Ultimately, the state spent $43 million to set up eight sites, $48 million to hire contract employees and $96 million to operate them under a scaled-back plan, according to tallies that The Associated Press requested from the departments of Finance and General Services and the Health and Human Services Agency.
The sites treated a combined 3,582 patients, records show, but half were during the first three months of the pandemic when the number of infections was still low and, as it turned out, the traditional hospital system could have handled them on its own. The sites reopened in early December, treating fewer patients during the next three months even though many hospitals were overflowing.
The traditional hospital system squeaked through the worst of the pandemic with little overflow into the alternate care sites because the state temporarily eased nurse-to-patient staffing ratios — designed to protect the sick and their caretakers — and because of a scramble to bring in temporary outside workers, said Stephanie Roberson, government relations director of the California Nurses Association.
Brian Ferguson, a spokesman for the state Office of Emergency Services, said officials learned that it is better to align the state’s efforts with existing health care facilities than to set up makeshift, standalone hospitals.
For instance, two vacant hospitals reopened during a surge last summer, one each in Northern and Southern California, as the most populous state overtook New York for the most cases in the nation. But it didn’t use them again during the winter surge, choosing instead to work more closely with existing hospitals.
Similarly, Newsom in early April 2020 announced Sleep Train Arena, the former home of the NBA’s Sacramento Kings, would be turned into a 400-bed hospital. It wound up treating just nine patients over 10 weeks because existing hospitals in the region handled other cases.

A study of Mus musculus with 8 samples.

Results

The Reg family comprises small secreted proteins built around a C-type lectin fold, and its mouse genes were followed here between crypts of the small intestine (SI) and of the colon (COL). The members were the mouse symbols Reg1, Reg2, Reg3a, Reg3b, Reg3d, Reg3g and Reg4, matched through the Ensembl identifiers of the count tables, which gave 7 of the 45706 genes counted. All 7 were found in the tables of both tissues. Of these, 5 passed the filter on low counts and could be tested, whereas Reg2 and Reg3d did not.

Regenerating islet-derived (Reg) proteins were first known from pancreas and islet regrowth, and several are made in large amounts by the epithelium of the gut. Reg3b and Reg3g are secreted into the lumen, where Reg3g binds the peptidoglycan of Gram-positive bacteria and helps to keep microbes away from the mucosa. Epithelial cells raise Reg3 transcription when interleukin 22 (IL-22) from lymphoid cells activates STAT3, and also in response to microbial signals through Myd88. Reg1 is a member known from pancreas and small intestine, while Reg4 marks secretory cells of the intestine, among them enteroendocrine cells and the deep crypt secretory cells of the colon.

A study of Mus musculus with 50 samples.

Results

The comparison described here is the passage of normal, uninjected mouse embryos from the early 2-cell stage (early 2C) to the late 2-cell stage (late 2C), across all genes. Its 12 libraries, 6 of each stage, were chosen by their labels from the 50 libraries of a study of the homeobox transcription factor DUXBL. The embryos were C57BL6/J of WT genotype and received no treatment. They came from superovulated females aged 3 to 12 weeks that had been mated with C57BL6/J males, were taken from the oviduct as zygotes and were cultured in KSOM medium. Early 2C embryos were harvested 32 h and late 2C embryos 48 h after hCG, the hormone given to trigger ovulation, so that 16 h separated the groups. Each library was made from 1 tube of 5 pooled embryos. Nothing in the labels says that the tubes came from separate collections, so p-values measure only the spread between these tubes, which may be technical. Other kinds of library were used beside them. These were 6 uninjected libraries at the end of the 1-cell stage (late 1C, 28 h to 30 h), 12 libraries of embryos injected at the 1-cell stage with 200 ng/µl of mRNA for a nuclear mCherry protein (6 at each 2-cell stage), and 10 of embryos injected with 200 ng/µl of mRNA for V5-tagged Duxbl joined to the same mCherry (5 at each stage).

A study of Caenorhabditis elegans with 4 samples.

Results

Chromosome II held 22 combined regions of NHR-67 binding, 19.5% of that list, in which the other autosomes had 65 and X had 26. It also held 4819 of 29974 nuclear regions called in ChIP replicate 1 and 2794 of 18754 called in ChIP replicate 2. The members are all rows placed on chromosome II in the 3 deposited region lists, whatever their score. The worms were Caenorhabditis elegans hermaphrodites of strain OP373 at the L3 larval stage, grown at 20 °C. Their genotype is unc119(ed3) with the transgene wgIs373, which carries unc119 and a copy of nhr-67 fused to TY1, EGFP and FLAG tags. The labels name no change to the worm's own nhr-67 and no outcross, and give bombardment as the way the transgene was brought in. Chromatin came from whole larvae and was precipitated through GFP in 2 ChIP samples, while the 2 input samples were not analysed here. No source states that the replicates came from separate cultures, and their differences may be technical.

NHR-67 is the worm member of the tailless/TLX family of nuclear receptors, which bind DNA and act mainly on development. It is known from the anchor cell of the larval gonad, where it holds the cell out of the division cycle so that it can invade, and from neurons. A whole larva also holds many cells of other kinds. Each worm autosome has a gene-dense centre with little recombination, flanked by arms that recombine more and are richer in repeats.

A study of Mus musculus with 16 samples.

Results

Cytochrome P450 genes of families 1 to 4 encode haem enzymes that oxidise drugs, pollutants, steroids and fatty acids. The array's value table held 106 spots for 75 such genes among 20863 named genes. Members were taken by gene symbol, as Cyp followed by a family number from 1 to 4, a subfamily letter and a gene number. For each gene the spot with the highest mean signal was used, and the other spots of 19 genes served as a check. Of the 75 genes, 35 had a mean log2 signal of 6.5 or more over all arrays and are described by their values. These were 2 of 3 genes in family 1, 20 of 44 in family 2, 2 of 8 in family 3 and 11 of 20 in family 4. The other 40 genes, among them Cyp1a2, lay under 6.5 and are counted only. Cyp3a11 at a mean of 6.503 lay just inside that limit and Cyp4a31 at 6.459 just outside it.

The state never reopened that main arena when the virus surged again around Thanksgiving but instead treated 232 patients in the much smaller adjacent practice facility.
“If you look in hindsight, you could say, ‘Well, we could have used the money that we spent to rent Sleep Train and we could have put it back into the hospital system or we could have put it into procuring PPE (personal protective equipment) or any number of things,’ ” Roberson said. “But these are lessons learned.”
She added: “As we move forward, we have to take a look at all of these missteps and do better.”
Officials learned to be more flexible in opening and shutting the facilities and to “quickly pivot the site to have additional value or purpose” if it wasn’t needed for patients, Ferguson said.
For example, the surge centers all shut down by March as the worst infection wave abated. But two were shifted to other pandemic-related duties — one was used for coronavirus testing and the other was used for antibody infusion treatments.